Leishmaniosis is a tropical disease that affects mainly dogs in Europe, Africa, Asia, and South and Central America. The “sand fly” (phlebotombus) sucks blood from a dog infected with leishmania, transforms them into infectious amastigotes and injects them into a healthy dog. Then two things can happen:
1. The dog has a good immune system and destroys the amastigotes
2. It does not have a functional immune system (for whatever reason) or there are too many and the amastigotes infect the white blood cells, multiply inside the cell, destroy the white blood cell and each of the 4 new ones infect another 4 white blood cells, etc. Meanwhile healthy white blood cells try to destroy the infected white blood cells forming globulins which are too big for the small arteries in the body and they get stuck, causing skin lesions (ie at the tip of the ears, nose, feet), kidney damage, liver damage, intestinal damage etc. Untreated it will lead to death.
The disease is treatable with injections or an oral medicine combined with tablets, but unfortunately not curable. The Leishmania hides away in the bone marrow and will return to the bloodstream when the immune system fails.
Leishmaniosi and humans
Humans can get Leishmania by being infected by the same sandflies and not directly from the dogs because the sandfly needs to transform the protozoa into the infectious stage.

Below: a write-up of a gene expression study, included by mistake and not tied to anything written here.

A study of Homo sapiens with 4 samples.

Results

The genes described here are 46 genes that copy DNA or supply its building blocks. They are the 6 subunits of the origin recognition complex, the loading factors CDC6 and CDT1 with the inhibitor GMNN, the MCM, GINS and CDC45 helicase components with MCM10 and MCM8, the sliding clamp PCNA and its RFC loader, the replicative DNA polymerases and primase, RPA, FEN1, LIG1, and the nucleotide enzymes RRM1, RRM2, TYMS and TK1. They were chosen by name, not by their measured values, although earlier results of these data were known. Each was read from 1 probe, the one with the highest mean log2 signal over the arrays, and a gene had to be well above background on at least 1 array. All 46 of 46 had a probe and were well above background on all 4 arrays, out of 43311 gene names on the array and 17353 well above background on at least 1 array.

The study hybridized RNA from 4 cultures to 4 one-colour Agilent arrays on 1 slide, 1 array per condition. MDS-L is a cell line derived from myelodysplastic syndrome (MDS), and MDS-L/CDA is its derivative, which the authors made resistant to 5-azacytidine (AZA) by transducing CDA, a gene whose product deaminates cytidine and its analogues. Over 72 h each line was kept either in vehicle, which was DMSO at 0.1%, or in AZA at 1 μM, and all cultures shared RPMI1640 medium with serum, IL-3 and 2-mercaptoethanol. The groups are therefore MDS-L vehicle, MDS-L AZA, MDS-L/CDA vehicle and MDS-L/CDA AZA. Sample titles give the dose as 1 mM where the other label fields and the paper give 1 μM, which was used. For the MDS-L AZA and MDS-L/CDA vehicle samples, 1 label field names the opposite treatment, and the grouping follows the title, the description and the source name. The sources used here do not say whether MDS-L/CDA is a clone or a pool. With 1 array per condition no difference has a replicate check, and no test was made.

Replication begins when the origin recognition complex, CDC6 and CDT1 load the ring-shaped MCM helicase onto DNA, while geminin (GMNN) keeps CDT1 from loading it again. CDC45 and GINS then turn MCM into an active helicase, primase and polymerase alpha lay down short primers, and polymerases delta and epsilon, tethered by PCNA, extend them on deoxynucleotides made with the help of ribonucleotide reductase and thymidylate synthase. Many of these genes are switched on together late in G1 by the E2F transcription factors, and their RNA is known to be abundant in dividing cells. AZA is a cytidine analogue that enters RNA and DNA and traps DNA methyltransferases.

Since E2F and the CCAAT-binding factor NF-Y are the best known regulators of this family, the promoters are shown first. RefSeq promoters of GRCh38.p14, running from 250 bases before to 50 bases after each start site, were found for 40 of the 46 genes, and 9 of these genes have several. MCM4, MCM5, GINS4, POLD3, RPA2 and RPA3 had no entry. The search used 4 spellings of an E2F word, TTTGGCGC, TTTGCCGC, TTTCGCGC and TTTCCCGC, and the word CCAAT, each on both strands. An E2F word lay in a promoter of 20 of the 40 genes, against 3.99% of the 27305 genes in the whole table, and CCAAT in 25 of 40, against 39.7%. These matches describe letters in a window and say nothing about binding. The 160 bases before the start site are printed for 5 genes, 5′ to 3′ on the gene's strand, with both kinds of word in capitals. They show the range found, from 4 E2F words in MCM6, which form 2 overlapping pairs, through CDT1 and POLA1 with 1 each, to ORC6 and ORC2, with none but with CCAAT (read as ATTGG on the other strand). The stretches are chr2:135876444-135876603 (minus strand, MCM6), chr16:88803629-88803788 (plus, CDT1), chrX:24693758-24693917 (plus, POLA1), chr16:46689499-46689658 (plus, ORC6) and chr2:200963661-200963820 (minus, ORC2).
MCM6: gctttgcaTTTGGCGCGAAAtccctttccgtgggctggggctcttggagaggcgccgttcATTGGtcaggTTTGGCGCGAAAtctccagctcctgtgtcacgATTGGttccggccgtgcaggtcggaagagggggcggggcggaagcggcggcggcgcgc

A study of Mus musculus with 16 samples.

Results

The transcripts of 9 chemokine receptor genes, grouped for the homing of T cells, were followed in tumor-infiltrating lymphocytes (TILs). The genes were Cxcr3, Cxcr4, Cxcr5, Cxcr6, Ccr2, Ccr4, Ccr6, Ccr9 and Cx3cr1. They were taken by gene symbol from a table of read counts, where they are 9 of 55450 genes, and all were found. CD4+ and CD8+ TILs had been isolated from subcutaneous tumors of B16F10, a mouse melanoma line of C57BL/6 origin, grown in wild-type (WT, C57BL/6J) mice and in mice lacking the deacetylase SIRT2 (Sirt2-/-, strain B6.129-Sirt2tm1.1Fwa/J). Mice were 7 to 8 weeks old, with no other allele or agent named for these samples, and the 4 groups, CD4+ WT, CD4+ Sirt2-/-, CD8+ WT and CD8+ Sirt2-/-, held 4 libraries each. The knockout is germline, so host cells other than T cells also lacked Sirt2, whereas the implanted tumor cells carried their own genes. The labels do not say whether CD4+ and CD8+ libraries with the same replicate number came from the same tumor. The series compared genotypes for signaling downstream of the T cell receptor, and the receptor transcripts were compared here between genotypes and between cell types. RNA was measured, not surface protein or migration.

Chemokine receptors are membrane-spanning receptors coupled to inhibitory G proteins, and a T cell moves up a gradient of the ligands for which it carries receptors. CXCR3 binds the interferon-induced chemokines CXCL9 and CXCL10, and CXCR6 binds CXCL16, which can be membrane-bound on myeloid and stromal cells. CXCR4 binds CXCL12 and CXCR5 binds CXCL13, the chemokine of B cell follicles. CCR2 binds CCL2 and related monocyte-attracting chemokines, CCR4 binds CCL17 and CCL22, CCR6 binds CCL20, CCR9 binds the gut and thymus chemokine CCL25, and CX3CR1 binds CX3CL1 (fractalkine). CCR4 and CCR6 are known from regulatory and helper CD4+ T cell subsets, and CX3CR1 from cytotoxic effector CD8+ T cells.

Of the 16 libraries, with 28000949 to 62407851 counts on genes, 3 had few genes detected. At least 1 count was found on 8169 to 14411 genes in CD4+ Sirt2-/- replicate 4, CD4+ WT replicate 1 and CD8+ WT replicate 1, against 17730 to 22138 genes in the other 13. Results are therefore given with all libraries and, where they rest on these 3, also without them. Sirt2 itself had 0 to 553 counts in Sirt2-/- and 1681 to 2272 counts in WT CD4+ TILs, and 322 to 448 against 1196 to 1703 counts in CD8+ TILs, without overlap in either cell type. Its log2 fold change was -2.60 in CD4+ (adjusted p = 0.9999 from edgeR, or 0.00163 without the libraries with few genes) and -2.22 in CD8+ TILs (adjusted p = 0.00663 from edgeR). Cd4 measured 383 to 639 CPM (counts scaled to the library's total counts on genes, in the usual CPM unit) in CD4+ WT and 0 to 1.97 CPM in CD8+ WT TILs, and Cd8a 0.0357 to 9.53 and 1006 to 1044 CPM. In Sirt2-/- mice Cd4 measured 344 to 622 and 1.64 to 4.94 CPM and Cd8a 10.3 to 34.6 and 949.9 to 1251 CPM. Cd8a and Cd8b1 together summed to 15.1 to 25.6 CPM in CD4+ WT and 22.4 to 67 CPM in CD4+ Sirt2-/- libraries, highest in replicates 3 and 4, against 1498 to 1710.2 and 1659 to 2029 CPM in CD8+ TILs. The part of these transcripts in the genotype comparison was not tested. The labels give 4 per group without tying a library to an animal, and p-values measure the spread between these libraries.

How to prevent Leishmaniosi
Prevention is the most important defense against this disease. It is MOST important that your dog is not at risk of being bitten by the “sand fly”, which behaves as a mosquito. They are most active at dawn and dusk and early night, they do not only live in the sand! They live in bushes and need water to multiply. Protect your dog with a collar, spot-on or spray that repels the “sand fly”. Improve your dog’s immune system with a balanced diet and proper grooming and parasite control. Leis guard is a product to be given every 3 months to boost the immune response against the Leishmania. Vaccinations are available in which the dog has 3 vaccinations with a 3 week interval in the first year to give an 80% protection; yearly revaccination will improve the protection every year.